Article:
There is much buzz about regulatory capture after Bill Gurley’s talk at the All In Summit. Bill makes several excellent points and highlights examples of regulatory capture that made many cringe. Here’s the rub, though: practically every founder and investor would like to be part of a company that becomes big enough and influential enough to participate in regulatory capture as a moat for their business.
Bill points to Epic as an example of regulatory capture. I won’t reference any of the specifics of the example, as you can see in Bill’s talk. Bill doesn’t say that given the opportunity to write legislation and requirements that would help a company create a competitive advantage, most, if not all, would.
Startup founders and investors bemoan the industries, enterprises, and often regulations they are trying to disrupt. The hypocritical part is that they want their companies to become one of the players they initially want to disrupt. Enterprise companies leveraging their size, funds, and clout to influence politicians and regulations is something they’ve earned the right to do. They get to leverage their advantages just as startups find cracks in large enterprises’ armor to disrupt and replace them. Bill was speaking to a receptive audience at the All In Summit. Bashing big companies and elected officials for rigging things so startups have a more challenging time disrupting is red meat to hungry founders.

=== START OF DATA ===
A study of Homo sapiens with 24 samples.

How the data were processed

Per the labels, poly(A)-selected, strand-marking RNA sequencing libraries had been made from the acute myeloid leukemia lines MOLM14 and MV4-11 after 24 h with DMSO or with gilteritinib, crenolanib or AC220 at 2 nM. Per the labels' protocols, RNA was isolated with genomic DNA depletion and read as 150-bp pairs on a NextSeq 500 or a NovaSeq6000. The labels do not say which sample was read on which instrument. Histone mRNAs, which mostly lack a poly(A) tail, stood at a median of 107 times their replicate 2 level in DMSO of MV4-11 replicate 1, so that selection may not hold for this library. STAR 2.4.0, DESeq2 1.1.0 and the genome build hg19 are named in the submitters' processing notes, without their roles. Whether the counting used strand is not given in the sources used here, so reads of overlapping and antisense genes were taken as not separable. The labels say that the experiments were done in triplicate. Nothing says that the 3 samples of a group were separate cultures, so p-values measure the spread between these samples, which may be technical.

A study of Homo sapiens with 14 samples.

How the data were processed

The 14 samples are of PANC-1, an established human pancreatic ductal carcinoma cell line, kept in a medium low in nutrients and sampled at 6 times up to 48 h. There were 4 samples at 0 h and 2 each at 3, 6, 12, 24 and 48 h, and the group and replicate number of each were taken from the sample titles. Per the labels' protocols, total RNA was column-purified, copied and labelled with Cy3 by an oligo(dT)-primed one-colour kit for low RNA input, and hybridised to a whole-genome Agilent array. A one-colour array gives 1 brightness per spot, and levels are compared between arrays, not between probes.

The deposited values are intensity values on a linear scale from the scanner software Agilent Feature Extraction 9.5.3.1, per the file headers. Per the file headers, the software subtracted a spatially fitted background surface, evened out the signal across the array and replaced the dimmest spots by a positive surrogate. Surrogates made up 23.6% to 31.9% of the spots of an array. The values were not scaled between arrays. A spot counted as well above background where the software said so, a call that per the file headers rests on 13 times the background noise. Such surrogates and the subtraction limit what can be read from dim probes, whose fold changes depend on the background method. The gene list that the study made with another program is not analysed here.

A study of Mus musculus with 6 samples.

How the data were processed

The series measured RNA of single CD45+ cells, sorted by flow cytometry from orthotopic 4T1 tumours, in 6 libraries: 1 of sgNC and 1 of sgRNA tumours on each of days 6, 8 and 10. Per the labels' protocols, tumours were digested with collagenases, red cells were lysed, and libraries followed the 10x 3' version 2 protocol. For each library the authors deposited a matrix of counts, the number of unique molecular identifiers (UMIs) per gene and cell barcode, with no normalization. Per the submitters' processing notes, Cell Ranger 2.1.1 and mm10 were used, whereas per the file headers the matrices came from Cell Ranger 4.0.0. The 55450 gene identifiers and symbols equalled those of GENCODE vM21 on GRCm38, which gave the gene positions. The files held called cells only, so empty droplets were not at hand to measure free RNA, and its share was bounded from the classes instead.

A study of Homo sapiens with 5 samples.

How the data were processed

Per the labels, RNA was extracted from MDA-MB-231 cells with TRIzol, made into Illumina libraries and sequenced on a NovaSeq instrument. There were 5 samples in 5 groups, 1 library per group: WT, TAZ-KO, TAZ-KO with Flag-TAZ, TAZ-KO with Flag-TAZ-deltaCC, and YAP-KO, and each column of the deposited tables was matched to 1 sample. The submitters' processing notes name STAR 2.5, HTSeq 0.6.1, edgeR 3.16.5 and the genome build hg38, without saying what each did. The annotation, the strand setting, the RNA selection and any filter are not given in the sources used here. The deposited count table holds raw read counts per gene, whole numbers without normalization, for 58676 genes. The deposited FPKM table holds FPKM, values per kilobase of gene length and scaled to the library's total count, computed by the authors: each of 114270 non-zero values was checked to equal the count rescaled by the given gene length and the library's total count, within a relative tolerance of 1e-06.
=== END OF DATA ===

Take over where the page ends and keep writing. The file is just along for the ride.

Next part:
When enterprises or elected officials conduct themselves improperly, there should be consequences. But to attempt to villainize a company and leader like Judith Faulkner of Epic for doing what is in the best interest of her business is misguided. Does regulatory capture create inefficiencies, cost increases, and anti-competition sometimes? Yes, it does. Does this mean that companies should avoid doing it to allow others to compete with them more easily? No, it doesn’t. Regulatory capture that breaks laws and is so harmful to the public good to be unquestioned should be held accountable. However, to position mature companies participating in regulatory capture as bad when founders and investors alike want their companies to be in the same position is disingenuous.